Introduction: Spooky Fence - Halloween Prop

About: father of four, piano, guitar, rock climbing, mountain biking, Halloween, dancing (latin and west coast swing)

One of the coolest things about decorating a yard for Halloween is that it doesn't take a lot to make something look really cool and spooky looking. This instructable covers the design and build of a very simple backyard fence prop that can be used in anyone's yard. If you have a large yard, you can scale this design up many fold.

The material list for this is relatively short and most items can be purchased online with the exception of the wood which can be purchased at your local big chain hardware store.

  • Economy fence pickets
  • Economy outdoor wood planks
  • Blue LED spot light
  • Fright Research Spooky Eyes 2.0 Controller
  • (32) Bicolor LEDs
  • Homemade PCB board for LEDs
  • Wire
  • Fog machine of your choice
  • 12VDC plug-in power adapter

This instructable covers a single fence section. Depending on the size and layout of your yard, you can construct multiple sections and illuminate them all similarly.

Step 1: Constructing the Fence

Well, the fence construction is pretty self-explanatory, so I will not get into too much detail here. I basically used economy wood pickets and wood for the cross braces. I then made two end posts to support the fence cross supports. The end posts were positioned on top of 3/8" thick steel rebar which was stuck in the ground about two feet. (Note: Make sure you have no underground pipes when pounding the rebar into the ground!)

Parts used for the fence:

  • Economy wood pickets from your local big name hardware store
  • Economy wood planks
  • Pneumatic nail gun with various length nails
  • Inexpensive plastic molding for the top of the corner posts
  • Outdoor paint

Step 2: Electronics

When I first started this project, I was originally going to use static LEDs for creature eyes. To that end, I made up a batch of simple PCB boards using ExpressPCB to install LEDs in. ExpressPCB is website that provides free PCB software and will manufacturer a prototype PCB board for very low cost in about a week. I made a single PCB board with multiple LED boards on it and had several boards made. From these, I used tin shears to cut out the individual boards.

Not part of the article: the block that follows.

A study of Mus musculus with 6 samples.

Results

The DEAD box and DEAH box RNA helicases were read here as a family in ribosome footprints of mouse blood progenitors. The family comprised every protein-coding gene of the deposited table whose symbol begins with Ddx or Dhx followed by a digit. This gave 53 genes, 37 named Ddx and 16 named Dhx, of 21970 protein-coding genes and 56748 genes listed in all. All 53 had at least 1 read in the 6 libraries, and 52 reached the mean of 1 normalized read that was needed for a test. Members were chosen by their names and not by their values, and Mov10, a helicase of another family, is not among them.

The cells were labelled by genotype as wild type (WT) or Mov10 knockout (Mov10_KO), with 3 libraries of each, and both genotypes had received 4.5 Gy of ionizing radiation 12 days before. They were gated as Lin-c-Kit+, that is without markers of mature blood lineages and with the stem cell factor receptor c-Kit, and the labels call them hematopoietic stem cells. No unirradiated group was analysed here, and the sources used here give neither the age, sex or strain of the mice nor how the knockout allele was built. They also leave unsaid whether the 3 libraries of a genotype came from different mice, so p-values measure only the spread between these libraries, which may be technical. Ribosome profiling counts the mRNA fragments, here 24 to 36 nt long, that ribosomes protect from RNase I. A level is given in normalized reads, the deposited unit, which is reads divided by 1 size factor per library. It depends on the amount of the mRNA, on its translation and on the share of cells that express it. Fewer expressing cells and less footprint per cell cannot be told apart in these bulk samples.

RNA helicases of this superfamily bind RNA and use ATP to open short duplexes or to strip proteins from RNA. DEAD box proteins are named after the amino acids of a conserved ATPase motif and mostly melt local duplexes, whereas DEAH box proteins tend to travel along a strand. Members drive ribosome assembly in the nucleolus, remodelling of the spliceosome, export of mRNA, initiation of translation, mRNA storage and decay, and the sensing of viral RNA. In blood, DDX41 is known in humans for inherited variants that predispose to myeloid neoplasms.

After thinking about it for awhile, I decided to use a special effects light controller to animate the LEDs in a way that makes them appear like real creatures. For this, I used a Fright Research Spooky Eyes 2.0 controller. These controllers are absolutely amazing and relatively inexpensive. They have 16-channel LED outputs which are bidirectional and can control bicolor LEDs for a wide array of special functions and operating modes.

With the new controller, I ended up purchasing a bunch of T 1 3/4 sized bicolor LEDs. In one direction, the LEDs will be green and when conducting in the opposite direction, the LEDs will be red. This is perfect for the Spooky Eyes controller in that the standard normal operating mode will be green creature eyes, but with an external trigger, the controller will operate in a "startle" mode which makes it appear the creatures are surprised or startled. In this mode, all the LEDs instantly turn bright red and then will slowly fade off one by one. This is a very cool effect. I soldered two LEDs on each of the PCB boards, which connects them in series. When doing this yourself, make sure to follow the proper polarity to ensure both LEDs illuminate the same color.

When finished, the LED boards were screwed into various positions on the fence and the wires were connected to the Spooky Eyes controller. For this instructable, I didn't bother to dress and hide the wires, however, for your installation, you may want to route the wires in a fashion where they aren't as visible. Of course, at night time, you really don't see the wires, especially if you use black wires.

Parts used for the electronics include:

  • (16) Custom PCB boards by
  • Fright Research Spooky Eyes 2.0 Controller
  • (32) Bicolor LEDs (red / green) - T 1 3/4 size
  • Twisted wire

Step 3: Background Effects

To spice up the display a bit, I added two simple background effects. The first was a blue LED spot light and the second was a Chauvet Hurricane 901 fog machine. The 901 is a small inexpensive fog machine, but can really put out a lot of fog. The blue LED spot light was used to cast a subtle blue glow onto the fence from the side. By side illuminating the fence, it accentuates the fence pickets and adds a lot of contrast and detail to the fence. The fog machine was placed off the side and out of sight.

Parts used for background effects includes:

  • Chauvet Hurricance 901 fog machine
  • Fog liquid
  • 12V Blue LED spot light (EBAY)
  • 12VDC, 2A plug-in power supply for the spotlight

Step 4: Final Video

Above if the final test video of the Spooky Fence. Good luck with your build and I hope you enjoyed this instructable.